Jersey Mike's and the Dallas area Great Outdoors. Then you have the conveyor belt hot subs pioneered by Austin based Schlotzsky's, copied by Alvin Ord's (The RJG fondly remembers this obscure chain from the 1980s - one that still exists in Weatherford - and I haven't been since 1991 which was at the old NW Dallas location), and altered to great success by the Denver based Quizno's. Now you have the assembly line created sub, from the enterprising Dallas franchise Which Wich. Then there's the order up, sit down deli's like Jason's and McAlister's. Another variation is the wrap, a concept that most around here know from another Jacksonville based chain Roly Poly (we tried the NRH location once and thought it to be awful - and it closed soon after). Still waiting on grinders to catch on here (there are couple of good chains in the Midwest).
Firehouse Subs is yet another category: The hot grilled sub. Their variation reminds me most of the Cincinnati chain Penn Station (which I had in St. Louis once) and the Columbus, OH based Charley's Grilled Subs (had once in the home city). Since we have neither of the latter two, Firehouse fills that hole in the DFW market. And for what they do, they do well. At least based on a couple of visits so far - which was the Italian sub. Good bread with quality meats and spices - and heated to the right temperature - thank you Goldie Locks. The chain was started by two firemen, who learned their craft in the kitchen of their local fire station. The theme is uplifting, and they go a long way to recognize fireman from around the nation for their daily brave activities. Another theme they brought forward was the novelty of placing out a number of known and obscure hot sauces. Another favorite activity of Mr. RJG is trying the different ones out there. Since I've only had the Italian, it didn't make sense for me to try the sauces, so I need to find the right sandwich to do that with. But the meatball parm looked good, and I think I'll try that next, so the hot sauce investigation will have to wait.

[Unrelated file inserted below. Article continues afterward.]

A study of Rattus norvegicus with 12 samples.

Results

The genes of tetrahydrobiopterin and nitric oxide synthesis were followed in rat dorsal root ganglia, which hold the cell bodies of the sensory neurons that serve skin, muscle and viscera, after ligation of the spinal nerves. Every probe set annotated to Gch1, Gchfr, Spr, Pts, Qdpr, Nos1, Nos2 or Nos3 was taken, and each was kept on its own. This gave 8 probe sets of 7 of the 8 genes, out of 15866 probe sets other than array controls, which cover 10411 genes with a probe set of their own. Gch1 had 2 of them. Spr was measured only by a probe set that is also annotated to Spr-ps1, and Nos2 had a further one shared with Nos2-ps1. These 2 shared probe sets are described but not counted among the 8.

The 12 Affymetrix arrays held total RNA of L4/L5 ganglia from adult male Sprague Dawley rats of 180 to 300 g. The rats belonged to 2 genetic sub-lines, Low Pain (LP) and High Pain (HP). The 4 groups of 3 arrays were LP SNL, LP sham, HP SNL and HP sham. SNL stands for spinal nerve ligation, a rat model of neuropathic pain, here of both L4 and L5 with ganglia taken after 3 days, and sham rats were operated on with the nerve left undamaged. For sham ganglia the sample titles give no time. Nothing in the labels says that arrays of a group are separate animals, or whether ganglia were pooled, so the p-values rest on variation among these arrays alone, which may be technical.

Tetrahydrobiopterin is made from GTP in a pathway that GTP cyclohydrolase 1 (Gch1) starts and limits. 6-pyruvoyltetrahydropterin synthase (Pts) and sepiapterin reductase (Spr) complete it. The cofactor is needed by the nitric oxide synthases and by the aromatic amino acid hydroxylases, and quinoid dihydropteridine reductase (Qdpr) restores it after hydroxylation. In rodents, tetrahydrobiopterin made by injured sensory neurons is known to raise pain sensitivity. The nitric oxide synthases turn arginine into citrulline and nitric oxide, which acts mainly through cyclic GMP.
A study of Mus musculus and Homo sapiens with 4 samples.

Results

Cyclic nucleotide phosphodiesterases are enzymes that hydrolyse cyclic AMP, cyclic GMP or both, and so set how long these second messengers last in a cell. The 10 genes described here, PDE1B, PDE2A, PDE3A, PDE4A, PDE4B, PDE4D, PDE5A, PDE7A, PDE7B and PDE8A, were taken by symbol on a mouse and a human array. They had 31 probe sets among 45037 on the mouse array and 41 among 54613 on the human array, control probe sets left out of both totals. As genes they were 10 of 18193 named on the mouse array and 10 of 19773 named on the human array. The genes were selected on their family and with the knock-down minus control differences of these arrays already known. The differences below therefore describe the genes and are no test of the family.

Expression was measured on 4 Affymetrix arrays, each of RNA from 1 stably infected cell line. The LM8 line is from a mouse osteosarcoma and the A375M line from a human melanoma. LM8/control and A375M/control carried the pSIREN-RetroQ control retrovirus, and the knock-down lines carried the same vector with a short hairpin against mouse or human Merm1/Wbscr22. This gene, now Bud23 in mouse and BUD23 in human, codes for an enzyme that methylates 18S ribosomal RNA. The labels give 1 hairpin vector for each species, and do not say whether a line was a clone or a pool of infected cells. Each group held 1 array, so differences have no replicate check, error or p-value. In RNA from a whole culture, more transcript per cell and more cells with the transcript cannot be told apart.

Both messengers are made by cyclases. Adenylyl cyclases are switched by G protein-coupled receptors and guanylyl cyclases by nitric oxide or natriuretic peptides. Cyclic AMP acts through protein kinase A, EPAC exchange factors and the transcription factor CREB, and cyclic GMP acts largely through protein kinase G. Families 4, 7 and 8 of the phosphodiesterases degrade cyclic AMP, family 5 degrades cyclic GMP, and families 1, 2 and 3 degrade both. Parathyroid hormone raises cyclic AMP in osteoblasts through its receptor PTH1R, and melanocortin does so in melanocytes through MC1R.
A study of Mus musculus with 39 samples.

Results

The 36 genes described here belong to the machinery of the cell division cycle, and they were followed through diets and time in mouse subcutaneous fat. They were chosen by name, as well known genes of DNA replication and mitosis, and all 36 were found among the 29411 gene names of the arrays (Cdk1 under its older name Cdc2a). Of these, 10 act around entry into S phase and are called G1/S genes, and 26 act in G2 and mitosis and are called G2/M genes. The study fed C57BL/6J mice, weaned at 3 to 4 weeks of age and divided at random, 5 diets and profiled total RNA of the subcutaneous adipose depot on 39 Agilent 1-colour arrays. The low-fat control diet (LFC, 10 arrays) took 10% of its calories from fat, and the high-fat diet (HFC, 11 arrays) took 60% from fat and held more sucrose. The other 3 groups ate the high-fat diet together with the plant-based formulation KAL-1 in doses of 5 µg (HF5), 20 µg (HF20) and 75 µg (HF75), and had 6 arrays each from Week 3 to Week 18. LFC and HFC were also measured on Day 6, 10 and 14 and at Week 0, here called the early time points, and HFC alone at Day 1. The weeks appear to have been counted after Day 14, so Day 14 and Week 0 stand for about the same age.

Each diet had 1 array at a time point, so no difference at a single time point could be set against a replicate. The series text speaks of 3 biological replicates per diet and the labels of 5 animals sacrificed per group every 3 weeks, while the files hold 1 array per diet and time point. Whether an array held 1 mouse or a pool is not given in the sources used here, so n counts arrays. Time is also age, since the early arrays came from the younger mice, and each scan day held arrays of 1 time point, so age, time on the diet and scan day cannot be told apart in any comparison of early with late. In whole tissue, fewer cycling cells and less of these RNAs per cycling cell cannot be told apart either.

Interesting side note: I noticed on the menu that they trademarked "Italian". How do you trademark that? The RJG wonders if it's too late to trademark "Salt"...
Another commentary on the North Richland Hills location: The RJG loves the concept of the European loft/villa style of urban living. Mrs. RJG and I hope to live like that one day later in life. But it seems rather ridiculous to me to see this kind of housing in an otherwise very suburban setting. This is not an all encompassing village, but is rather served by a strip mall next door. There are no plans for a public rail line to pass through. You need a car to get anywhere. Other than the obvious aesthetic appeal, there's not much to distinguish these condos from any other local apartment. Downtown Ft. Worth or Dallas? Sure! Even in Grapevine where they're planning a rail terminus or near the Southlake Town Center - I could see it. But North Richland Hills, right off Hwy 26? I don't get it. Same with the Art House in Keller. BTW, Google Maps was struggling with the location for awhile. If looking for this location - it's on Hwy 26, SW of Precinct Line Rd. just west of a Krogers, McAlisters and Chipotle. Oh, and next to the new Chapps Cafe.
They also have a second NE Tarrant location, in Euless.